Art and design after Bjørn Wiinblad
Wiinblad’s design legacy
With Bjørn Wiinblad’s death, Denmark lost one of its greatest and hardest-working artists. Fortunately, however, he left behind a huge legacy of drawings, posters, theatre projects, ceramics, porcelain, bronzes and books. Not to mention the Blue House in Lyngby, which, from the inside out, is steeped in Wiinblad’s energetic and humorous outlook.
Over a number of years, there have been open house days for the public and, if you’re lucky, you can take a guided tour with Wiinblad’s old chauffeur and faithful helper, René Schultz, who has lived in an annex to the Blue House since the 1970s. René Schultz and his wife Eva curate all the stories about Wiinblad and make sure the old house is kept up to scratch, with a fresh lick of paint, the roof in a good state of repair and carpets replaced as and when necessary.
Visiting Wiinblad’s House in Lyngby is like stepping into an Aladdin’s Cave. There isn’t much Danish minimalism in evidence here, but rather a sea of antique furniture, upholstered sofas, mountains of books and wonderful art. You can tell that the man who lived here loved life and enjoyed sharing his home with friends and family. You feel welcome in the Blue House, and you can’t help but be a little envious of the many people privileged to experience Wiinblad cheerfully hosting one of his tasteful and lively dinner parties.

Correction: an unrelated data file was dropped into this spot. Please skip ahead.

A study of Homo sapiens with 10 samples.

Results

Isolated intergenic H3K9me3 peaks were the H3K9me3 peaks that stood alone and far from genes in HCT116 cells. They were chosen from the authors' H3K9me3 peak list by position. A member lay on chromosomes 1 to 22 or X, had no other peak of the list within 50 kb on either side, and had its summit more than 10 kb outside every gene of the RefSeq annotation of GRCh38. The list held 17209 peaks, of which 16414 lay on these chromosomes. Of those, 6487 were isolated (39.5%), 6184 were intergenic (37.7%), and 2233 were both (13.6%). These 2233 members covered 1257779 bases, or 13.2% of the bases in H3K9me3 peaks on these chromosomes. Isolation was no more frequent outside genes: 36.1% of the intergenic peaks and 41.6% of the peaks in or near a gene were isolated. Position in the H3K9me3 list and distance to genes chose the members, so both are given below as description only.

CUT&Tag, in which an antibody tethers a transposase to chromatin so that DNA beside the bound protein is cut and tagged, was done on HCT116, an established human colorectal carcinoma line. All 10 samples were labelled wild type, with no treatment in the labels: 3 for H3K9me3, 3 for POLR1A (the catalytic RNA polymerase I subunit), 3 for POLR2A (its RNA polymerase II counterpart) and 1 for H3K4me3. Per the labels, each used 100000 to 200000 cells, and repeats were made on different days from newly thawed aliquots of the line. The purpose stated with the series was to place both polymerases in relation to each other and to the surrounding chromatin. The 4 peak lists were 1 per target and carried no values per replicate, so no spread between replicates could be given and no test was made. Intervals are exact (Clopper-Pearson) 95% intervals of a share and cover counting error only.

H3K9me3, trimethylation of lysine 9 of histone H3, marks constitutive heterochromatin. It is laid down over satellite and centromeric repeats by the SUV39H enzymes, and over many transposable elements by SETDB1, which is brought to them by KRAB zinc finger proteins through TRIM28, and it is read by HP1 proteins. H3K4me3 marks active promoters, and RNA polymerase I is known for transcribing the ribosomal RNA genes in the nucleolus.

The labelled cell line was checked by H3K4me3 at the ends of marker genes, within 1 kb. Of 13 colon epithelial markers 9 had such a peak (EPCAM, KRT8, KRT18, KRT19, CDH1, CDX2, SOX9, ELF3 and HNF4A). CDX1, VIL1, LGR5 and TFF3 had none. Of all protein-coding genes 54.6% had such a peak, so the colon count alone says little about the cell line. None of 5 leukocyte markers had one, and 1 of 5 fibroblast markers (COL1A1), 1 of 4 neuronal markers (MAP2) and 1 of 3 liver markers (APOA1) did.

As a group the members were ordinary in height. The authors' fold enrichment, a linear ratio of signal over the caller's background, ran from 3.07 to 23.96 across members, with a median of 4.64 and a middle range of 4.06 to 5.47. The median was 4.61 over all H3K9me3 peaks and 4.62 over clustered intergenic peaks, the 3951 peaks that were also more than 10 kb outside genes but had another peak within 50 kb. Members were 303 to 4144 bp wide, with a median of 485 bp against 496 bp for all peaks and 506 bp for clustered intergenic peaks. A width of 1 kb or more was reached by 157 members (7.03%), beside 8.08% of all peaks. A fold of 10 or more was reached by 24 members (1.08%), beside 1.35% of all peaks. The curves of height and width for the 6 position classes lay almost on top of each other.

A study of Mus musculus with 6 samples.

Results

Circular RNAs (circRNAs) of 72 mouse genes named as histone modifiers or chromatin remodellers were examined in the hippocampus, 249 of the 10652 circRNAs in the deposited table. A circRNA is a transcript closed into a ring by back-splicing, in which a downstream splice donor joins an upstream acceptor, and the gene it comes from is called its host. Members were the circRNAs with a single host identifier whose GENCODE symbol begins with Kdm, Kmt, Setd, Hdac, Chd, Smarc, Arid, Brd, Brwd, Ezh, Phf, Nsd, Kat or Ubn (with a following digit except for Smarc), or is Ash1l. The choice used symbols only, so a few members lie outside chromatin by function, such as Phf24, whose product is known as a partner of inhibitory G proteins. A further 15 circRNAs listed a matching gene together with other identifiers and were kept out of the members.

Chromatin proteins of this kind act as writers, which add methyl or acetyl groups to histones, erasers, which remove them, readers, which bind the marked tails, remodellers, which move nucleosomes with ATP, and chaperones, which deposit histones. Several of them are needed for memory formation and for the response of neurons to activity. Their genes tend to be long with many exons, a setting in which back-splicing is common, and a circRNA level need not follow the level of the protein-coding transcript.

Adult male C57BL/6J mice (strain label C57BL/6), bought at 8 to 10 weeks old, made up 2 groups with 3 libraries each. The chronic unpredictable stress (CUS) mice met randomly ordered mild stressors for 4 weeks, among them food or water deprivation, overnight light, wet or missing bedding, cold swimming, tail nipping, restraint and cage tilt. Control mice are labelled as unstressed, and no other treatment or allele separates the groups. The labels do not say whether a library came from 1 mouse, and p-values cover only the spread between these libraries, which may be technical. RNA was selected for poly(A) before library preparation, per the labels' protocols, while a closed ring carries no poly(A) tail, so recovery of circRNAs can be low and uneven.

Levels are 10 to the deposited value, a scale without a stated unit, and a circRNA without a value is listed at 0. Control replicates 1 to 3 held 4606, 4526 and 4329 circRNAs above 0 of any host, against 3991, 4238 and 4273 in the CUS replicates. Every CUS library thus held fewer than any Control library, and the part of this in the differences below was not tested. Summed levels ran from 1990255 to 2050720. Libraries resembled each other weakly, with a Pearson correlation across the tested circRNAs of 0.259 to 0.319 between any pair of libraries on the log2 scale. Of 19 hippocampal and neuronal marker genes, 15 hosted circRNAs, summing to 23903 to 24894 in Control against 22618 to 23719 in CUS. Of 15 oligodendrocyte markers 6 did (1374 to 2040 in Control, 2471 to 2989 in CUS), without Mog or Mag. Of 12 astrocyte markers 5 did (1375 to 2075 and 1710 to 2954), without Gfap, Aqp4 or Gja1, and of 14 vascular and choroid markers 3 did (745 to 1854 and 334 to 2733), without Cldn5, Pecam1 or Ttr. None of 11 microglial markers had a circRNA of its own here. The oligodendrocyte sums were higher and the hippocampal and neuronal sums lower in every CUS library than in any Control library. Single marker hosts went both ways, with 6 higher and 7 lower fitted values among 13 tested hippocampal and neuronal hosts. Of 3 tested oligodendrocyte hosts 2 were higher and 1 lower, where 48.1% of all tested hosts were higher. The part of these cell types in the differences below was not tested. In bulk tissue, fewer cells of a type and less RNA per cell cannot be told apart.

Thanks to the Rosendahl Design Group, new life has been breathed into Wiinblad’s design universe. Under the name of Bjørn Wiinblad Denmark, Rosendahl has acquired the rights to Bjørn Wiinblad’s products and, over the past year, Rosendahl has brought out a steady stream of bowls, cups, candle holders and trays, all decorated with Wiinblad’s wonderful designs.
When Wiinblad died in 2006, interest in his creations was at a low ebb, but today it is as if we have rediscovered his universe. In 2015, when Arken Art Museum in Ishøj exhibited his ceramics, theatre costumes, posters and giant tapestries, thousands of people came flocking. After a period of feeling overwhelmed by Wiinblad’s prodigious output, we are slowly seeing again how amazing some of his art really is – his pottery with its delicate prints, the smiling girls, the posters that you keep coming back to, and, not least, his candlesticks, glasses and bowls.